On Oil Finishing | Seven Years of Mistakes and Some Pontification

So it’s been seven years since I’ve started building guitars and all I can remember since I started was how to nail the ‘perfect’ oil and wax finish. I used to pour over articles written by many well-known online woodworking magazines and sites and found that every woodworker had his/her own style and after modifying my style over and over again I’ve come to realize one thing. 

There isn’t a wrong way to finish using oil and wax. 

I’ve said this before to some people who’ve taken the time to ask me questions either through this site or through Instagram or Facebook. At least 90% of traffic to this site are from people searching for ‘oil finish tips’ rather than traffic directed from the guitars I’ve made. I’ll get people saying how they’ve tried to get a ‘hand-rubbed’ oil finish look but were dissatisfied with the end results. I get this, I really do.  I was once in that frame of mind. I’d spend hours and days applying multiple coats of different oils- and I’ve tried nearly all oils on the market by now- and I’d be disappointed with the end result more often than I’d like to admit. It’s taken me six or seven years to realize that a lot of hedges on our expectation of what a finish should look like, rather than the result it gives in and of itself. 

Typical questions are “How much protection can I get from an oil and wax finish?” or ” Is this better than lacquer or poly”. I tell my commenters that I choose repairability over ‘protection’ as it takes me minutes to repair a ding in an oil/wax finish as opposed to hours to days for others. Finishes like Tru-oil, Wipe on/Spray on Poly and other film forming oils are damned near impossible to spot-fix without witness lines. If those appear you’ve just compounded your problem and now have to sand down to bare wood and start all over again.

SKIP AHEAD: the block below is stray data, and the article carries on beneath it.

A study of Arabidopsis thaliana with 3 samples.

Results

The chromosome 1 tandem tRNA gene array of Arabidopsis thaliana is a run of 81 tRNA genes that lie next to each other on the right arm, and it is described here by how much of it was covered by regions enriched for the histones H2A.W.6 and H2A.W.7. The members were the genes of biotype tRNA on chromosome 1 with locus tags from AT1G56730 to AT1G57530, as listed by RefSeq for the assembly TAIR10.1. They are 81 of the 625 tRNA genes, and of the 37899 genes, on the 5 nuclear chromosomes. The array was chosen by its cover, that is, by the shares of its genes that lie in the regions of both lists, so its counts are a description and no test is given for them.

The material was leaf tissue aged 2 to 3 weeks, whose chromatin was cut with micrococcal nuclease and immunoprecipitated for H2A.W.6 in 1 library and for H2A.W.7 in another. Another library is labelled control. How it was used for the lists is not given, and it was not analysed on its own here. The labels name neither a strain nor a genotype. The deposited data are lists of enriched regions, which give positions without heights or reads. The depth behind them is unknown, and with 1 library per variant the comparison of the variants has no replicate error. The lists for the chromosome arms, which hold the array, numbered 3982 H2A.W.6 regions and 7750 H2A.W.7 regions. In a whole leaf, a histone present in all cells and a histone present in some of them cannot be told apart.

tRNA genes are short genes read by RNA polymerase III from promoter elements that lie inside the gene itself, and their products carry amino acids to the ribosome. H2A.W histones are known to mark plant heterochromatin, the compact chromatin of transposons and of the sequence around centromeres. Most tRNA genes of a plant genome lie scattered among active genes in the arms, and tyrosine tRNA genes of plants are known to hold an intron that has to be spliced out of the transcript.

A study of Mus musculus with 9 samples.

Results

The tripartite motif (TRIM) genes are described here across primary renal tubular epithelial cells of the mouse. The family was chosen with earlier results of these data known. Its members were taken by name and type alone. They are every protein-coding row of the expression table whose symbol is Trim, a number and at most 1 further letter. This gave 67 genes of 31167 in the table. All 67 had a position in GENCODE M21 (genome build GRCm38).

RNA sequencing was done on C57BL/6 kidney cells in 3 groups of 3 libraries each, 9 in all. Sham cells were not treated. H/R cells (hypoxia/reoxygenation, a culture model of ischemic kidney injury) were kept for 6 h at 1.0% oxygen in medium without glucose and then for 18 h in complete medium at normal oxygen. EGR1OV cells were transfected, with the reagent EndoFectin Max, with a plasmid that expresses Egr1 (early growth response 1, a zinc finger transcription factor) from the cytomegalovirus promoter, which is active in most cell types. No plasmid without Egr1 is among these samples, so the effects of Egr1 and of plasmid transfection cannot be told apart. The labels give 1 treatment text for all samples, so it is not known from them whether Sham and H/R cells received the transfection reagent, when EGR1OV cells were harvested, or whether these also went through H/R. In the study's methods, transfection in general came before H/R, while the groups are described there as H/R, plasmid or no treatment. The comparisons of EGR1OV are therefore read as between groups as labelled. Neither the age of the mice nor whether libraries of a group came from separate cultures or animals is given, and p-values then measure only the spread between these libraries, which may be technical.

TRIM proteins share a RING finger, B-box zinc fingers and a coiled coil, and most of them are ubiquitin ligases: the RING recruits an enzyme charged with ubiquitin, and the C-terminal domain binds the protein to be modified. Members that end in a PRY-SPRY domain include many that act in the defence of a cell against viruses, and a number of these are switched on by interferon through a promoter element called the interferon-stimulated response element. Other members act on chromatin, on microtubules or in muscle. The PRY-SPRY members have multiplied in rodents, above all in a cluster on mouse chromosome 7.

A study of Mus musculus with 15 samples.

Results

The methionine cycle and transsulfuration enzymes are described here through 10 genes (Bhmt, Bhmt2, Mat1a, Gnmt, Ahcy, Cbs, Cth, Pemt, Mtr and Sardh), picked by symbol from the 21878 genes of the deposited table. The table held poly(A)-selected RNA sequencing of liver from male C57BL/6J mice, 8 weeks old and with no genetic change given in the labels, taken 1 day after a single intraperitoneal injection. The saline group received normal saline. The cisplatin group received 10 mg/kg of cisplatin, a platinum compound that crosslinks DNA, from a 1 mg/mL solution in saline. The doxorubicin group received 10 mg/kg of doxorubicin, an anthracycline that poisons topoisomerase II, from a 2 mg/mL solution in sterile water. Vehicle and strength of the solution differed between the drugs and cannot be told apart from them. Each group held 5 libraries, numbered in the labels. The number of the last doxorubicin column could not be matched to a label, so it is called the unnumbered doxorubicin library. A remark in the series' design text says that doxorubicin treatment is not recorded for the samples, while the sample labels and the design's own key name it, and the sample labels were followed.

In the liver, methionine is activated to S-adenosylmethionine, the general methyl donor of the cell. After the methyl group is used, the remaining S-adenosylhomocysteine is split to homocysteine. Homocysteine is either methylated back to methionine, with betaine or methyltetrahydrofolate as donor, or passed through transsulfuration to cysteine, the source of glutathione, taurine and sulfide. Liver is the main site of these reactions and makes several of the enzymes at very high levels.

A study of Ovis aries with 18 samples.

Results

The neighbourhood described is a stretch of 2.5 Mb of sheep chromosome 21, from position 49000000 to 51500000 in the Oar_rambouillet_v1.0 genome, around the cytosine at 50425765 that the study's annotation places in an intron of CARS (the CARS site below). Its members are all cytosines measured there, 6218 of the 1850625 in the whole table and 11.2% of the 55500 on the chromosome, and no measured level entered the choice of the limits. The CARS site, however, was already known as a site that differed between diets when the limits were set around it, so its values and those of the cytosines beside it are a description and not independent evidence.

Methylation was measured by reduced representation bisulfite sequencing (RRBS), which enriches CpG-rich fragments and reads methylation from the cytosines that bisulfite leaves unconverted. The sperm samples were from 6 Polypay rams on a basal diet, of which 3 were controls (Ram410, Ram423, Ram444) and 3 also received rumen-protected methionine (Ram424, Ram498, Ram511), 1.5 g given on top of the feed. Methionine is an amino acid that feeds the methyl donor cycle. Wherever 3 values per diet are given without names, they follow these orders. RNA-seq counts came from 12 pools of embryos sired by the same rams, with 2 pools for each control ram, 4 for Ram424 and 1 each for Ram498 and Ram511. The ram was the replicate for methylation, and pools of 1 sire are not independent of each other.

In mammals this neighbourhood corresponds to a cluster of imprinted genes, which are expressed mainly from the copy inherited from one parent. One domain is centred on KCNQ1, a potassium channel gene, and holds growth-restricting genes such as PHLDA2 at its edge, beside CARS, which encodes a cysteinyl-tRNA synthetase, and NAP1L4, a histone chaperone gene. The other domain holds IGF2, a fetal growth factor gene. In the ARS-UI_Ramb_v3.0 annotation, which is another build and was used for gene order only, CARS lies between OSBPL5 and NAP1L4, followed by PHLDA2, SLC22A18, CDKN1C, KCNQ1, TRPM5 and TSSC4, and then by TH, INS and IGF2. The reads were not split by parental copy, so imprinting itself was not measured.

So I tell my readers the same thing, oil and wax protect against moisture and light scratch marks but it’s not a hard finish. Finishes like shellac and lacquer tend to burn into each other allowing for easier repairs and are decently hard but still thin. The other hard finishes and “tung-like” oils that form a film are far more difficult to manage but they do give more protection. 

As for Oils, try standing up to various grits on multiple test pieces and apply the oil and wax product and let the results speak for themselves. I’ve sanded up to 320 only on a guitar and others up to 2000. Each one had a different look that suited the build. The most recent Mini-guitar I completed was sanded up to 400 only. I’ve written about the finishes I’ve used and posted pictures showing their results. As always I welcome questions about any and all of it. I learned all this from my time online and I’m happy to help anyone who’s in the same shoes as I was when I started this obsessive hobby. 


  1. Bob Ogle says:

    Hi Alex, your dad just told me about your guitar building prowess. Unreal!!
    You have way too much talent for one individual.

    1. Thanks Bob!!! its been a while! howve you been?